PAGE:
The morning was relaxed and cozy. I watched the sun rise as I sipped on morning coffee, readying myself for the hike ahead.
I’d made a commitment the day prior to hike every day for 30 days, and set my sights on Mount Rose for day two.
It was important for me to do this solo. I’d started to feel like I was losing that adventurous side of me, only going out to hike or explore if I was with my boyfriend.
I’d summited this mountain in October – pre snow. But how hard could it be in January? After all, it had been a light snow year at that point, and I already knew the way. I was going to solo summit Mt. Rose and watch an epic winter sunset. At least, that’s what I thought would happen.
But I was wrong.
Immediately I was worried looking at the road back down the mountain road. Water ran down it, melting from old snow. Could that ice over and present a problem when I drove back down later? I have very little experience driving in the snow or ice, and I felt in over my head before I even started.
After shedding a few tears I coached myself into getting out of the car and starting the hike. I’d worry about the drive down later.
Except Mt. Rose was ensconced in a crown of clouds. The wind moved quickly, pushing the clouds above in rapid succession overhead. The weather no longer matched the forecast.
The signs on the trail were nearly submerged in thigh-deep snow, peeking out every now and then, but not often enough, unfortunately.
I followed a well-established snow shoe path through the snow and felt confident about my direction at first. Despite the fog, the snow was arranged in beautiful peaks and valleys and since I was the only person out there, I had it all to myself.
All was well until I started to wonder why I was heading so aggressively uphill. I hadn’t remembered that from my hike a few months prior.
Yet the footprints all pointed that way. I cross referenced with my GPS constantly, but there were so many footprints and backcountry ski tracks it was impossible to orient.
Imagine you have 20 or so different routes you could take at any given time, many of which intersect multiple times, each seeming like it could be where that little line is on the GPS, but without any trail markers or confirmation. There wasn’t even a mountain to orient with, as the clouds had yet to move out.
I’d read the recent AllTrails reviews before choosing this hike and none of them mentioned the difficulty of route finding. I guess in my limited snowshoeing experience I’d always had a clear enough path to follow. And in other parts of Tahoe, there would have been one, but not Mt. Rose, with all of this backcountry powder.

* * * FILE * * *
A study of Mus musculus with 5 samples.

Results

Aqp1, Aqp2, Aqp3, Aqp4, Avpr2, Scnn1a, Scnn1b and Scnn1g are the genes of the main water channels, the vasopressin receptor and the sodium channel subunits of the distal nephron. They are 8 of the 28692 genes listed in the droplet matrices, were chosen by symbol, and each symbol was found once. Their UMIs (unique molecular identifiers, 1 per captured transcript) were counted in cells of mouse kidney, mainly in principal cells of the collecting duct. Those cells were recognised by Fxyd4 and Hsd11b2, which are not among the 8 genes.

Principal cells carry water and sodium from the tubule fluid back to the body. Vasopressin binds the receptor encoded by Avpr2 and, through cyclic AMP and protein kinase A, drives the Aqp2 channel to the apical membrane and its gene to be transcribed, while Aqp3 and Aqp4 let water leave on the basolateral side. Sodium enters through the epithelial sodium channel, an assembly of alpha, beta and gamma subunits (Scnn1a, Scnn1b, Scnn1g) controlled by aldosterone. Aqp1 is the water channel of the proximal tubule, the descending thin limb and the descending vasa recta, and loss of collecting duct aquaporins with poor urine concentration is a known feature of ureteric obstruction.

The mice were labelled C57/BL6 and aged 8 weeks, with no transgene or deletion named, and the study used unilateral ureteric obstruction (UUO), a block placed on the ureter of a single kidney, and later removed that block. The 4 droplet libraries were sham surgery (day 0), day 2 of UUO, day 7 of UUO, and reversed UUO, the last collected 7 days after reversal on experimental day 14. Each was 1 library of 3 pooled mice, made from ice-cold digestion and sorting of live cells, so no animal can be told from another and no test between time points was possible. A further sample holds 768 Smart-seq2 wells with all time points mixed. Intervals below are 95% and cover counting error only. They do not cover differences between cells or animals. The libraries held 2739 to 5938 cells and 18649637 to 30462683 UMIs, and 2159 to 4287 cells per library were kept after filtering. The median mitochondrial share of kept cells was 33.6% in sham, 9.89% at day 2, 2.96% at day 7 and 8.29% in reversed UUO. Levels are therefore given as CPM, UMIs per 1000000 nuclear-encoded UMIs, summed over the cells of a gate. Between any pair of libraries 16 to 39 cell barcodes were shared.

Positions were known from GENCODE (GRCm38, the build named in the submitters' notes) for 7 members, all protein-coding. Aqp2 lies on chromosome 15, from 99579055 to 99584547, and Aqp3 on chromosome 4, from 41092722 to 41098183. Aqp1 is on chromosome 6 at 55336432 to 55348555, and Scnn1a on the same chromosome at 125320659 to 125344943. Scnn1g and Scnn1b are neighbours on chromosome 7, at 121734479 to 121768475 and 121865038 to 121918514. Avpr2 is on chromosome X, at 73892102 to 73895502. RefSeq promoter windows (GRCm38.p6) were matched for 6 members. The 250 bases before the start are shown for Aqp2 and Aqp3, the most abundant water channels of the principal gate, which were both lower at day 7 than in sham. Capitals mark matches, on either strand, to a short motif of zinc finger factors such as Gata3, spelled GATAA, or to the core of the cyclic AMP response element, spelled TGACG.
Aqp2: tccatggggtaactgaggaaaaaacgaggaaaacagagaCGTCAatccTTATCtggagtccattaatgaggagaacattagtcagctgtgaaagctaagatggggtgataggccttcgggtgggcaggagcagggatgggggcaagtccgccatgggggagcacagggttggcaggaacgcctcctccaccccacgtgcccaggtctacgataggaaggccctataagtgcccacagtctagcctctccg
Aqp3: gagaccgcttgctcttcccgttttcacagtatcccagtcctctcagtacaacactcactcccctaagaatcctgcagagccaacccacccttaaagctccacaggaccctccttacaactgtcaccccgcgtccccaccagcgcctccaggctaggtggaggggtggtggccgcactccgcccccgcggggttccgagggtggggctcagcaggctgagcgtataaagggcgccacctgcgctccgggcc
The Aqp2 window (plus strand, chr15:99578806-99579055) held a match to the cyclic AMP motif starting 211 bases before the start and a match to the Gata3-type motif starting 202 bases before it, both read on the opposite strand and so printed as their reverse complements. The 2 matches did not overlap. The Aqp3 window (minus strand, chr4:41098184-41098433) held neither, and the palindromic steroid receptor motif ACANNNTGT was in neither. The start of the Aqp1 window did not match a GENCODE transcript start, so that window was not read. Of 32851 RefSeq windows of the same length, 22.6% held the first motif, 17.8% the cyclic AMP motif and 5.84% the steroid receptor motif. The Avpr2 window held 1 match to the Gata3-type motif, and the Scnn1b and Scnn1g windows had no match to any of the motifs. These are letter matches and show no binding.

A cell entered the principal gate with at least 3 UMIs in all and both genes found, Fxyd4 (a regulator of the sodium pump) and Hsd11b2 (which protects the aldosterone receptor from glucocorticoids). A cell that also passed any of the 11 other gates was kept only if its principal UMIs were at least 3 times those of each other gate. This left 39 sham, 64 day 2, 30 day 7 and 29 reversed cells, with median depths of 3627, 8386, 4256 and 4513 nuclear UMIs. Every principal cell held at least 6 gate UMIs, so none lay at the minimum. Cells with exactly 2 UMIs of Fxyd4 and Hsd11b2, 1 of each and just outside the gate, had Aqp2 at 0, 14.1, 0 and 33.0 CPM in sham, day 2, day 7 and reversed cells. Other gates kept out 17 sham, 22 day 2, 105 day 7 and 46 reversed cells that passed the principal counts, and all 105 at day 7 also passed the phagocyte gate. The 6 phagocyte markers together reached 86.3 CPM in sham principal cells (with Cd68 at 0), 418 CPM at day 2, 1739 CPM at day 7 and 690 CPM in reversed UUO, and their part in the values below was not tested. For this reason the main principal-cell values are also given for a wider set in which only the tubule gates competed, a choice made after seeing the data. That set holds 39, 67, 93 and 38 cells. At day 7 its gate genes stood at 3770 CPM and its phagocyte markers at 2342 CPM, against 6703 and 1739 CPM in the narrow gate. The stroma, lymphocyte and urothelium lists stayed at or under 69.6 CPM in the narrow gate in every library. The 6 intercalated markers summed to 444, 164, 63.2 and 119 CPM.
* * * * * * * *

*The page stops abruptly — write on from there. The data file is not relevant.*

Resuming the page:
I finally found what I thought was the trail, but it was on a steep ridge and kept pitching my feet sideways. I wondered when an ankle would twist and send me toppling down the mountain.
And I did slide quite a few times.
But it didn’t matter what I did. I couldn’t find the trail, and everything was so steep and the snow so deep, that while I totally saw the appeal for backcountry skiers, their tracks kept sending me on wild goose chases thinking I’d found the trail only to be led in the wrong direction again.
It was crazy disorienting, and I only made it the first 4 miles or so before realizing that there was no way I’d make it up for sunset, and that if it was this disorienting in daylight, navigating at night with a headlamp might be a death sentence.
So I turned around. But once again, which way was up? Which was down? There was no possibility of retracing my steps with 100+ (not exaggerating) other sets of footprints going in every which direction?
Fear started to course through me, aided by frustration and a sense of helplessness. I thought I was good at this. I’d solo hiked so many times before, including in the snow, but it was never this deep, and I could always find my way before.
It was humbling quitting my first hike, and I felt like a failure. In the end I probably walked, slid, and fell an additional 3 miles just trying to find my way back to the car. I wanted to give up but there was no giving up. I’d headed into this alone and I alone had to get myself out of it.
So I did the only thing I could do – take a step, look down to check the route, and keep going, painfully slowly, that way.
And I still got lost.
It was getting dark and I was getting desperate. I had to find a way back to the car.
Finally I realized the quickest way out was straight up a steep mountainside, so on I went, cursing all things good and wonderful for the next 30 minutes.
Though I was hating everything at that moment, once I got above the ridge a dazzling golden sun greeted me, sending misty clouds along the lake’s surface and painting the mountain tops pink. It’s one of the most beautiful winter scenes I’ve ever seen.
And I made it back down that mountain in the car. So what if I only drove 30 mph and constantly utilized the pull offs to let people pass?
I got home safe and sound, wondering what this meant if on day 2 of my 30-day commitment I’d already failed so spectacularly.
But I still got out there and completed my 30 days, and I learned a lot too. Winter is beautiful, and I love the snow, but next time I try to hike Mt. Rose, I’ll start a lot earlier, and I’ll forge my own path.